National Archives releases anticipated JFK assassination records
ST. LOUIS, MO – A few weeks shy of the 54th anniversary of President John F. Kennedy’s death, the National Archives on Thursday published a new trove of records tied to the assassination which have previously not been made public.
The release was mandated by today’s date under terms of the JFK Assassination Records Collection Act in 1992, which went into effect on this day 25 years ago. The Trump administration had the ability to block any release that could cause “an identifiable harm to military defense, intelligence operations, law enforcement or conduct of foreign relations,” and President Trump followed the recommendations of the intelligence community, withholding the release of some records pending a review until no later than April 26, 2018.
Prior to the release, historians had questioned if any “bombshells” would be revealed, according to CNN. Archive authorities said they expected the information to be “tangential” to the assassination itself and pointed out that 88 percent of documents it holds tied to the incident have already been made public. Some of the records discuss the U.S. government’s direct and indirect attempts to overthrow the Castro regime in Cuba, former Orleans Parish District Attorney Jim Garrison’s investigation of the Warren Commission’s report on the Kennedy assassination, and efforts to track the travels of Lee Harvey Oswald prior to November 1963.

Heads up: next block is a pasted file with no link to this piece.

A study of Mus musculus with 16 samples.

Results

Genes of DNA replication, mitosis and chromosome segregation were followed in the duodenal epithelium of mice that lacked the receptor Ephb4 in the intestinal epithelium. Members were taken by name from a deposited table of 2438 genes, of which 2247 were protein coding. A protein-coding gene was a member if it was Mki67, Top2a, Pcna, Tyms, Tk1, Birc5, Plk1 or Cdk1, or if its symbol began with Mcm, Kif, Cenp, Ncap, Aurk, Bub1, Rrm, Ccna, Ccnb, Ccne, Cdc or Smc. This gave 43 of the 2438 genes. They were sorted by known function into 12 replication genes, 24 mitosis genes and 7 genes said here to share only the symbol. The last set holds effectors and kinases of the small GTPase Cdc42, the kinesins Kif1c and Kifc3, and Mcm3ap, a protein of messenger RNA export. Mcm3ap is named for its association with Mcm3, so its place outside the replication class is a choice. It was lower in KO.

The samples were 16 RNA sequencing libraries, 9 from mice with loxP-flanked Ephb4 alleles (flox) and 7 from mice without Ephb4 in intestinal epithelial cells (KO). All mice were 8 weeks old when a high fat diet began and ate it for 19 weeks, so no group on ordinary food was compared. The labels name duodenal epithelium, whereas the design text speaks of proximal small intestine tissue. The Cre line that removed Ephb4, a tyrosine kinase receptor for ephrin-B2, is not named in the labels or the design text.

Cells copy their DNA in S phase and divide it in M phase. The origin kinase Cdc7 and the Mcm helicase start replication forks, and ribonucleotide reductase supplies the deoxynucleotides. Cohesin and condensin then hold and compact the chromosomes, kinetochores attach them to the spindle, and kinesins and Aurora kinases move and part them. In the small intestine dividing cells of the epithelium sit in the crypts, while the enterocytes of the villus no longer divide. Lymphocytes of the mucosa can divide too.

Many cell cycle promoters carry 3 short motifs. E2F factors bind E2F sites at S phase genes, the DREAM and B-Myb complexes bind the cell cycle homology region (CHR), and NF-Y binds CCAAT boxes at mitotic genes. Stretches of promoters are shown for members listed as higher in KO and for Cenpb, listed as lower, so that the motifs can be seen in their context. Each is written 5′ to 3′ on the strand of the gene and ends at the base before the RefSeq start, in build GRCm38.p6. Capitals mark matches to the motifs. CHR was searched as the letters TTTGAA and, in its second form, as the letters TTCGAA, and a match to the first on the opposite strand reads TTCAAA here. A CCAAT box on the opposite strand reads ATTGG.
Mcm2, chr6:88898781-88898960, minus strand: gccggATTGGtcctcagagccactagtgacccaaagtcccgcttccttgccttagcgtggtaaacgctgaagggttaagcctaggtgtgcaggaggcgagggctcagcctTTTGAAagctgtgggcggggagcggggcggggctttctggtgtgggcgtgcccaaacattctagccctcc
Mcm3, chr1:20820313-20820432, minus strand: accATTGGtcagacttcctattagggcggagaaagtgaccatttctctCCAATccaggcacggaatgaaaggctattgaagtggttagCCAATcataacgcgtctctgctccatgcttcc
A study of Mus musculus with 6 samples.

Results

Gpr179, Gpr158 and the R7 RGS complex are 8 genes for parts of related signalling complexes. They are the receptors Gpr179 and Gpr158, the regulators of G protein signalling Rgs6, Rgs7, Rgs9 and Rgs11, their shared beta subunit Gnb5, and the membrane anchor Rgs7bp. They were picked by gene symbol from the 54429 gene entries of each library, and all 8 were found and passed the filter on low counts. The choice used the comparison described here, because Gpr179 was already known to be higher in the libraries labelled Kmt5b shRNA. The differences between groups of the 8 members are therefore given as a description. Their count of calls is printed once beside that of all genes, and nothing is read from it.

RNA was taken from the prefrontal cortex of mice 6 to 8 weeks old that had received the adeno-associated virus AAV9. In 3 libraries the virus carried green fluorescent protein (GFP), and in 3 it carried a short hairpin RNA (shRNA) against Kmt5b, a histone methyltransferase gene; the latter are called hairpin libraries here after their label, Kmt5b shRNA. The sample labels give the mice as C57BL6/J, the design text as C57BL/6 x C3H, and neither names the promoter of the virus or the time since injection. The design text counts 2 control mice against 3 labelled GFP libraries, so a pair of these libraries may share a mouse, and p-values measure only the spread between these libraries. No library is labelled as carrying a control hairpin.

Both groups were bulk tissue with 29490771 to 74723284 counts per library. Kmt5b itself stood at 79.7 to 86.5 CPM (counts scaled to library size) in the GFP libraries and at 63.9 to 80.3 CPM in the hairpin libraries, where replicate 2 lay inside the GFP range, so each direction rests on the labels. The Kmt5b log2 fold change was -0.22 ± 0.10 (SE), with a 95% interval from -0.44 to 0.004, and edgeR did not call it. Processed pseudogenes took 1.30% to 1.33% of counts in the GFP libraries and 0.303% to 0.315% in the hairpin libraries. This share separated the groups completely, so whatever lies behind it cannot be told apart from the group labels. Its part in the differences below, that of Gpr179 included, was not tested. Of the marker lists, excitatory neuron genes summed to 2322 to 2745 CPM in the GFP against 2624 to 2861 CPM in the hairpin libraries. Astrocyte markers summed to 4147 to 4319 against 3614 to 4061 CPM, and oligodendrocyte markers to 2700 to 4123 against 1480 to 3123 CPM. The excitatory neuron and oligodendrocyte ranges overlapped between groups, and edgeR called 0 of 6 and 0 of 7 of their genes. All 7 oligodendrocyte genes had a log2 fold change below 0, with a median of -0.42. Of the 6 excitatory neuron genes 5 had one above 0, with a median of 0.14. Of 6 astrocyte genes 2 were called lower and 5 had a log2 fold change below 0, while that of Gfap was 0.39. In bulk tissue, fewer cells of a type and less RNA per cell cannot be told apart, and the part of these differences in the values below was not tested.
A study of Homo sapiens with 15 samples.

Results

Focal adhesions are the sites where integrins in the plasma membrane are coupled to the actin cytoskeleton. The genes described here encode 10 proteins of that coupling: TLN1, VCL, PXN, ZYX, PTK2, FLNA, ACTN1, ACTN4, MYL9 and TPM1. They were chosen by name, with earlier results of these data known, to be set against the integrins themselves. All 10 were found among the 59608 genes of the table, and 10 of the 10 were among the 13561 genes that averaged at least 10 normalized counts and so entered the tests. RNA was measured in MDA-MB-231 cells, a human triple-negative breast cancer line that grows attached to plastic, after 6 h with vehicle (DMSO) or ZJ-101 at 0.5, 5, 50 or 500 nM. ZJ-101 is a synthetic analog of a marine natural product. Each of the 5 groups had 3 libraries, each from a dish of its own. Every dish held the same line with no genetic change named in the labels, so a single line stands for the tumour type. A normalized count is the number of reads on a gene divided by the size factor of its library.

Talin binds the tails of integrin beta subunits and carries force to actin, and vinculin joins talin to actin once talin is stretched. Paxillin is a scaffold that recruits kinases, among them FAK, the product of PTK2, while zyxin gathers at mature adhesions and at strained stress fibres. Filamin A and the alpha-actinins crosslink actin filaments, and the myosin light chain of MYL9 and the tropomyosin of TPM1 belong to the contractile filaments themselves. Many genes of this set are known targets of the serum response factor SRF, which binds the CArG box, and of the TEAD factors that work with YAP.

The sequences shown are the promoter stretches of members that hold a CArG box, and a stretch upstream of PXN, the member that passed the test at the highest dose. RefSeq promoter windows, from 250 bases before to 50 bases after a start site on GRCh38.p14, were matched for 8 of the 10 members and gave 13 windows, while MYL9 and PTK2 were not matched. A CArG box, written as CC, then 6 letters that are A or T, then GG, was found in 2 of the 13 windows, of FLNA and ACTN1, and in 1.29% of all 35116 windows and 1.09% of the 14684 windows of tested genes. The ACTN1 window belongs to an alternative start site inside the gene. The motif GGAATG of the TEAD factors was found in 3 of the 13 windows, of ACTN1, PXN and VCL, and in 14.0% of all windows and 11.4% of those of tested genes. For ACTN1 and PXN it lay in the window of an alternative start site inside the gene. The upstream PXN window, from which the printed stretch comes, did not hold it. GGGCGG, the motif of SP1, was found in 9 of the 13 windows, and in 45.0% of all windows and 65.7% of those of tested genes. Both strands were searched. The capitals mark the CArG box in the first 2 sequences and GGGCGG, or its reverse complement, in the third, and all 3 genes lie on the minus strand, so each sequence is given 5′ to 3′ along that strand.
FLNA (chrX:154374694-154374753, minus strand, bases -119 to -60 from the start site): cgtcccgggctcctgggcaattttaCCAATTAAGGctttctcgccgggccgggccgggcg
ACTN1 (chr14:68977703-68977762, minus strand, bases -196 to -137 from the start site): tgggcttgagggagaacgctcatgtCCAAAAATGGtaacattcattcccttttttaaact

As historians, conspiracy theorists and others pore over this new information, one question likely remains: what else is still out there?
“NARA is trusted with preserving our archival holdings permanently and holds that all records in our legal custody will eventually be available for research. That said, there are categories of records in the collection that, in accordance with the Act, will not be released in 2017. Sections 10 and 11 of the act discuss grand jury information and records held under section 6103 of the Internal Revenue Code (tax return information) as well as records covered by a specific deed of gift. We have identified a small number of records, or portions of records, that fit into these categories. For all other records, how long records stay withheld after 2017 will be determined by the President, who has final appeal authority.”
As an example, the iconic pink suit worn by Jackie Kennedy on the day of the assassination will not be available for the public to see until 2103, one hundred years after it and other items were transferred under a deed from the family in 2003.